How to Avoid Plagiarism

As a student at the University of Alberta, there is only one definition of plagiarism you need to understand, and it comes from the Code of Student Behaviour:

30.3.2(1) Plagiarism: No Student shall submit the words, ideas, images or data of another person as the Student's own in any academic writing, essay, thesis, project, assignment, presentation or poster in a course or program of study.

While it looks straight-forward, there are a number of things in this definition that are important to understand:

  • Any time you hand in something with your name on it, it is presumed to have been generated entirely by you unless you indicate otherwise.
  • Any content you use that you did not generate yourself (ideas, graphics, photographs, charts, statistics, etc.) must be cited.
  • While plagiarism in written work is certainly the most common, it is also possible to use others' words, ideas, images or data in any kind of assignment: oral presentations, blogs, paintings or graphic arts, even interpretive dance!
  • Our definition of plagiarism does not take into account whether or not the act was intentional. The onus is on the student to make sure that all borrowed work is cited. Accidentally forgetting to cite a source is still plagiarism.
  • The definition of plagiarism applies to group projects as well. If one person includes plagiarized materials in the project, the entire group has submitted the work under their own names.

Tips For Avoiding Plagiarism

Manage Your Time

Start early, give yourself plenty of time to work through your material, and write multiple drafts of your papers. Citing sources properly and double-checking your work is time-consuming; rushing through it at the last minute almost guarantees problems.

Take Careful Notes

Being scrupulous in your note-taking at the outset will simplify your process at the end. Be sure you note specifically if you are copying exact words, putting another's ideas into your own words, or jotting down your own ideas so that when you sit down to weave it all together, you know exactly how each item has to be referenced. Cut and paste with caution when using Internet sources.

Always copy the URL as well or, even better, keep a printout for future reference. Finally, make sure you cite every source you use, whether from print or electronic, radio, public speech, website or anything else you did not generate on your own. It is better to have too many citations than not enough.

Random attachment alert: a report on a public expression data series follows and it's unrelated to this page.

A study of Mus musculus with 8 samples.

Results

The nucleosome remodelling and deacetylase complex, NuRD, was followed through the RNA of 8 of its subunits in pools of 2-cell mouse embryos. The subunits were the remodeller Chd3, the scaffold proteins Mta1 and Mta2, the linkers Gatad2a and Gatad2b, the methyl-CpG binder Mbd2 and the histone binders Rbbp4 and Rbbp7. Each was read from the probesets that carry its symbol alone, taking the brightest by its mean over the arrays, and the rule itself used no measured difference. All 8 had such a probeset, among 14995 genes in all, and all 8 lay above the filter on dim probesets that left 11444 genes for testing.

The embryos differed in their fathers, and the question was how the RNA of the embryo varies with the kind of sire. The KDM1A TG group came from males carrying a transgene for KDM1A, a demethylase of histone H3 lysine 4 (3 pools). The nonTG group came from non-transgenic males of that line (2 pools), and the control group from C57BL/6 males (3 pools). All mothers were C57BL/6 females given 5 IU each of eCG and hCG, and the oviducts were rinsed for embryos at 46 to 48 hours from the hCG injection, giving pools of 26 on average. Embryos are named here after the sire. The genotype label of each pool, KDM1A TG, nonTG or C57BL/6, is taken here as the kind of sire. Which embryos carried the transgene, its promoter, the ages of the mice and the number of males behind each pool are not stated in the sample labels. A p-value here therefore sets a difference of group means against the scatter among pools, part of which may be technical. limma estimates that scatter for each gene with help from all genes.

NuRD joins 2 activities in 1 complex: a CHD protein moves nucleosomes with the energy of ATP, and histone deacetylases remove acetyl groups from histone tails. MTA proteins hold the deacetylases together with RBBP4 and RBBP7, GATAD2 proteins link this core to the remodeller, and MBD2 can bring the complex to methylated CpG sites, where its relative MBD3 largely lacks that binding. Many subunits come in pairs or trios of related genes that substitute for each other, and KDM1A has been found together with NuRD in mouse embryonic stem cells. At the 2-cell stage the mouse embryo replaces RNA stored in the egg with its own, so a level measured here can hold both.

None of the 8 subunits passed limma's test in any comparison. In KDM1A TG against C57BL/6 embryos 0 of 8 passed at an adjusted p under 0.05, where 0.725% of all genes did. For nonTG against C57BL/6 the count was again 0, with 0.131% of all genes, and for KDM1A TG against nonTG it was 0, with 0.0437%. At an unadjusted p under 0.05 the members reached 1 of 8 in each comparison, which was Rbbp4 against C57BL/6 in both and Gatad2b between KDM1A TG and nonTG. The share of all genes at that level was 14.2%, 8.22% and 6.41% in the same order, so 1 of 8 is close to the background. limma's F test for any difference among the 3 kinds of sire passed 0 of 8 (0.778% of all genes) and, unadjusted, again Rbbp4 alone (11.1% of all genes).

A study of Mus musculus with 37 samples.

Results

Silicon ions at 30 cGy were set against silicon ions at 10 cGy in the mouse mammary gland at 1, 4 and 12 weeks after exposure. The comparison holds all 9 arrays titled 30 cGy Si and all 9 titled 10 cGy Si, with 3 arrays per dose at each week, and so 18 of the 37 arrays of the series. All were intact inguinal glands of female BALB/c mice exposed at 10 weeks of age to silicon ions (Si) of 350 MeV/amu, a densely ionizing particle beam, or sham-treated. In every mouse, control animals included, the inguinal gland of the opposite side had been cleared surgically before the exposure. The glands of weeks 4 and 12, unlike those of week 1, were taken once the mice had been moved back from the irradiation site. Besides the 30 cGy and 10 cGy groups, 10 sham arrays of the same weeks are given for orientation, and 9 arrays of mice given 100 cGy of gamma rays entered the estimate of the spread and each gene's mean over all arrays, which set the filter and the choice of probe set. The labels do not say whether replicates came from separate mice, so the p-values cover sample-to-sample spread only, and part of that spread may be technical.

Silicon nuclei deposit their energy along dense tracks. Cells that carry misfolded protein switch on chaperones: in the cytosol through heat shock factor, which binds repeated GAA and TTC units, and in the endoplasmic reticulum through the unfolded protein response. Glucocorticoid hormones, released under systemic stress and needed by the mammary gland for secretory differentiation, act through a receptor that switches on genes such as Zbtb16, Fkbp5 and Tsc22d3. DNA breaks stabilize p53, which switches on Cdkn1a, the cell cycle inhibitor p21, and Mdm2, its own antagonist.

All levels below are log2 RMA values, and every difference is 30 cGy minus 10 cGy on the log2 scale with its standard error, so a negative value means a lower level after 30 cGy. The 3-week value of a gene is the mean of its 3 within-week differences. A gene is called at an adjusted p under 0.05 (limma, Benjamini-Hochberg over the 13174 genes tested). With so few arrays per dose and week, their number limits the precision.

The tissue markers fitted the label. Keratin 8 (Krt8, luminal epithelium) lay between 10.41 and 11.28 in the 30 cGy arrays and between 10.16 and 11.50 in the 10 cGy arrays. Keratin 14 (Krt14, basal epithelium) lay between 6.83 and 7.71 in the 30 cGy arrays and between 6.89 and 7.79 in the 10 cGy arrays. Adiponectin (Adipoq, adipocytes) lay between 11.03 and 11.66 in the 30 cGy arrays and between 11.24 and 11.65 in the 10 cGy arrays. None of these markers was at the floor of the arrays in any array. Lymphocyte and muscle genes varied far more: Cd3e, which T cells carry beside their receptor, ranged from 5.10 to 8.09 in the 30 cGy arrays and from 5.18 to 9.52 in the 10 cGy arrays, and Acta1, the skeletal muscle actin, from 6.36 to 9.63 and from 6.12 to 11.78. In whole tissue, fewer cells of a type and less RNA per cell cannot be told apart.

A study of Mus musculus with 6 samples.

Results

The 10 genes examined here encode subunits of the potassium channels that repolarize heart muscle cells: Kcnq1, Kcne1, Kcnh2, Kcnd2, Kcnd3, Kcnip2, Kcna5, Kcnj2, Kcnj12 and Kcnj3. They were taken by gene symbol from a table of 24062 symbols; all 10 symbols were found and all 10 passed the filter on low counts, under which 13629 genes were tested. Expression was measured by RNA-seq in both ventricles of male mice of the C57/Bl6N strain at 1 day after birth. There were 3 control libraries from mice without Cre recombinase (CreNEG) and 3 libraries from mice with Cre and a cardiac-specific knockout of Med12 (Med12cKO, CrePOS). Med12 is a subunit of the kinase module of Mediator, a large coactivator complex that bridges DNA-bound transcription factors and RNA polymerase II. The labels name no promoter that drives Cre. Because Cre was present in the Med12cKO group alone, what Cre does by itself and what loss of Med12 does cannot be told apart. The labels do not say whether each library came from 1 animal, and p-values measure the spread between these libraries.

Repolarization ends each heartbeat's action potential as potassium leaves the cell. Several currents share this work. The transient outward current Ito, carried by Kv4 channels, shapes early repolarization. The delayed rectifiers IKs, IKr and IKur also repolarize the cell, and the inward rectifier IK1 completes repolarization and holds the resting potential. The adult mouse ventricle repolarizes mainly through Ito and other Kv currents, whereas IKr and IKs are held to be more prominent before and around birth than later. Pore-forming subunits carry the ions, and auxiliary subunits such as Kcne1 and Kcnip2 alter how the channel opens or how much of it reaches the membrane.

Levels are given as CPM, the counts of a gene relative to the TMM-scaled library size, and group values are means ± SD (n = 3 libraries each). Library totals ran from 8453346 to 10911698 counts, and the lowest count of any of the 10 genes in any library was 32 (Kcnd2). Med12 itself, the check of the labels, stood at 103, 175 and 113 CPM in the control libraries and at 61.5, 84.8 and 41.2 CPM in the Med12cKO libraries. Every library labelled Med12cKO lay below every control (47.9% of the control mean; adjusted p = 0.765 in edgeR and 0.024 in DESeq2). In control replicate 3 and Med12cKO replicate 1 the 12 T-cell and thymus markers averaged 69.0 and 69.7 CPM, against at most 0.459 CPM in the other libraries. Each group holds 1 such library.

Use Style Guides

Citations can be confusing and, at times, it can be difficult to know how to cite unusual sources. Most disciplines or journals use an agreed-upon citation style for consistency (e.g., APA for Psychology and Education or MLA for English). Find out which style you are expected to use for your papers and then purchase the style guide or use one from the University of Alberta Libraries. Style guides provide formatting guidelines for publication and information on how to cite even the most obscure kind of source. Information is also available on the University of Alberta Libraries' website.

Understand Paraphrasing

Many students become confused by the notion that it is possible to plagiarize another person's idea. Putting someone else's idea into your own words still requires acknowledging the original author. When you use someone's exact words, you must place quotation marks around the words, use an in-text citation and make an entry into your list of sources. When you put someone else's idea into your own words, you need an in-text citation and an entry into your list of sources, but no quotation marks. That way, the person who came up with the idea in the first place gets proper credit.

Ask Questions

Any time you are unsure of what should be cited or how to do so, ask the professor or supervisor who will be evaluating your work. Only that person knows exactly what he or she expects and can give you the right answer for that specific assignment. Be aware that "common knowledge" is not nearly as common as you might think. It is better to cite something than to assume that it is common knowledge.